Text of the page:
Postby Tyingflies » Thu May 21, 2020 10:18 pm

Hello gents. I was told by an experienced jetter that you can jam a jet in reverse to do a tight turn to get out of trouble at full throttle. My salesman for a 2018 thunder jet said it will wreck stuff. How exactly can I turn on a dime on a 12ft wide river and still stay up on plane?

Postby Riverjohn » Fri May 22, 2020 9:56 am

Tyingflies wrote:Hello gents. I was told by an experienced jetter that you can jam a jet in reverse to do a tight turn to get out of trouble at full throttle. My salesman for a 2018 thunder jet said it will wreck stuff. How exactly can I turn on a dime on a 12ft wide river and still stay up on plane?

I am sure you will wreck stuff when you try to turn a 19 to 20' boat in a 12' wide river :Laugh1: :Laugh1: :Laugh1:

Postby Ahusk » Fri May 22, 2020 10:40 pm

The answer is it depends. Mainly on what pump and bucket you have. It will not break anything unless Thunderjet uses garbage cables. Your salesman, I assume does not have a full understanding of how reverse works in a jet.

It works to get my boat to do an insanely tight corner or if I mess up and am going too fast. It is hard to control and would take lots of practice to do on a regular basis. Especially with a 20ft Thunderjet in a 12ft wide river. Where are you running that is only 12ft wide? Most creeks are much wider than that. Sure there are spots between trees but 12ft wide between the actual banks you might be better off with a jet ski.


If you are wide open as described in a 12ft wide river you need to seriously slow down. Most jetboaters drive way too fast for conditions anyways. Remember, you are way better off hitting the bottom than the bank.
Last edited by Ahusk on Sat May 23, 2020 5:28 am, edited 2 times in total.

Postby Eagle1 » Sat May 23, 2020 12:22 am

You can't.

Postby lovetheedge » Sat May 23, 2020 8:10 am

x2. A 20ft long boat can not turn around in a 12ft wide space. Backing up is only option.

Postby riverboater » Sat May 23, 2020 10:26 am

It is a radical manover, the water depth is also important. You need rapid shift movement, sepparate throttle control, (foot works best), and quick steering (1/2 to 3/4 turn lock to lock).
So here is the way it was taught to me, When you find yourself in the wrong channel with the bottom coming up quick. 1, momentarily back off throttle. 2. decide which way you want the boat to spin and turn full lock into it. 3. At the same time you steer put the boat in reverse. 4. With steering hard lock and in reverse now stomp the throttle full open and released as fast as you can. This will stand the boat on its nose lifting the back 1/2 or more out of the water, the momentum of forward speed will spin the boat 180. Now you are sliding backwards on the front 1/2 of the hull at planing speed, shift into forward and centre the steering, the moment the intake touches the water, full throttle, and off you go in the opposite direction without falling off plane.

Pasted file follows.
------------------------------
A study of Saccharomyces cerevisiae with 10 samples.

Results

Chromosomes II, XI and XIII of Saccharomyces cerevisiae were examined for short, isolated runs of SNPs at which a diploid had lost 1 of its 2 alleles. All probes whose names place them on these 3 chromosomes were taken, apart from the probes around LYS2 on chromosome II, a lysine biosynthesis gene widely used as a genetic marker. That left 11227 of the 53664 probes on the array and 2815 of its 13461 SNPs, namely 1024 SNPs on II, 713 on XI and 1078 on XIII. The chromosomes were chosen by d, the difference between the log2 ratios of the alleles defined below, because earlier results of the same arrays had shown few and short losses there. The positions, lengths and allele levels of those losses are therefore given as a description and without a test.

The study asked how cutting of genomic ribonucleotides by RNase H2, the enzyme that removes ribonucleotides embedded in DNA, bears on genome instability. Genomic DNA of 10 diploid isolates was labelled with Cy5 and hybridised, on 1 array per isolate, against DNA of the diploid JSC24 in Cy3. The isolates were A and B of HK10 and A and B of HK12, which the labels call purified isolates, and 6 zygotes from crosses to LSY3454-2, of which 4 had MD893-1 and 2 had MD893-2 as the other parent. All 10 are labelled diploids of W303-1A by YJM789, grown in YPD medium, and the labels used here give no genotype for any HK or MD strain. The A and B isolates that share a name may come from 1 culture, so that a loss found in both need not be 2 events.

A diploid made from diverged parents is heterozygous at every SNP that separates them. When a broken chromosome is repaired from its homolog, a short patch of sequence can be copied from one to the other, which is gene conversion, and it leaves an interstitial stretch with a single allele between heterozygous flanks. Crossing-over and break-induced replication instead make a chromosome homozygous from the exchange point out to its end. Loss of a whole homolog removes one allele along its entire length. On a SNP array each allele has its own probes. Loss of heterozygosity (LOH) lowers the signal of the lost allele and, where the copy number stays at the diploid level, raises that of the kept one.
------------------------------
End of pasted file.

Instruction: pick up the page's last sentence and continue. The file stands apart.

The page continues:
A couple things to practice, judge your speed so you only spin 180, judge how deep the water needs to be for your boat, reverse thrust must hit the bottom to toss the rear out of the water. 16 to 24 inches seems to be best. ( find a sandy bottom shallow lake to practice).
My 14ft v-6 772 did it easy, my 16ft with 350 and 773 also did it but not as easy. Same boat with BBC Scott 852 i have not been able to get the ass out of the water. My old 18ft 350 773 would do it but only worked 1/2 the time.
Keep in mind this manover happens in about 3 seconds, everything or person not tied down or hanging on is flying around posibly out of the boat. Check you have strong motor monts and your battery is well tied down. I have had issues with battery attachment.
Now you say, WTF not fall off plane! The last time I had to do this in my 14ft 24 degree vee I was in less the 18 inches of water and never touched bottom. The startled looks on the faces of the 2 boats following as I planed past them in the other direction was priceless. And it was handy having one boat floating as the other 2 found the bottom within 50 ft.
I Don't think this manover will work on most of our oversized boats, but light weight under 20ft, find some shallow water and give it a try. Gordon Ford, a renoun Kiwi boat builder that moved to town in the early 80's taught me how to do it. He made it look easy, took me some time to learn. And every boat is a new learning curve. When we get back to boating with friends, buddy has a nice 16ft, v-6, 772, I will try for some video. I need a bunch more practice to get the big block to clear the water, maybe try it at the lake on empty fuel tanks.

Postby lovetheedge » Sat May 23, 2020 4:26 pm

Ballsy move

Postby Ahusk » Sat May 23, 2020 9:49 pm

Pretty sure the OP wasn't referring to trying to pull an emergency cowboy in a 12ft wide Creek. With the right set up. Single lever, foot throttle or 213/241 style reverse you can quickly stab reverse, then back to forward all in a second or two and get the back end to set and turn sharper than possible. Go try it sometime in a lake. On both my boats it has worked. In my current boat with the 6 degree bottom there are a couple times it has saved my bacon.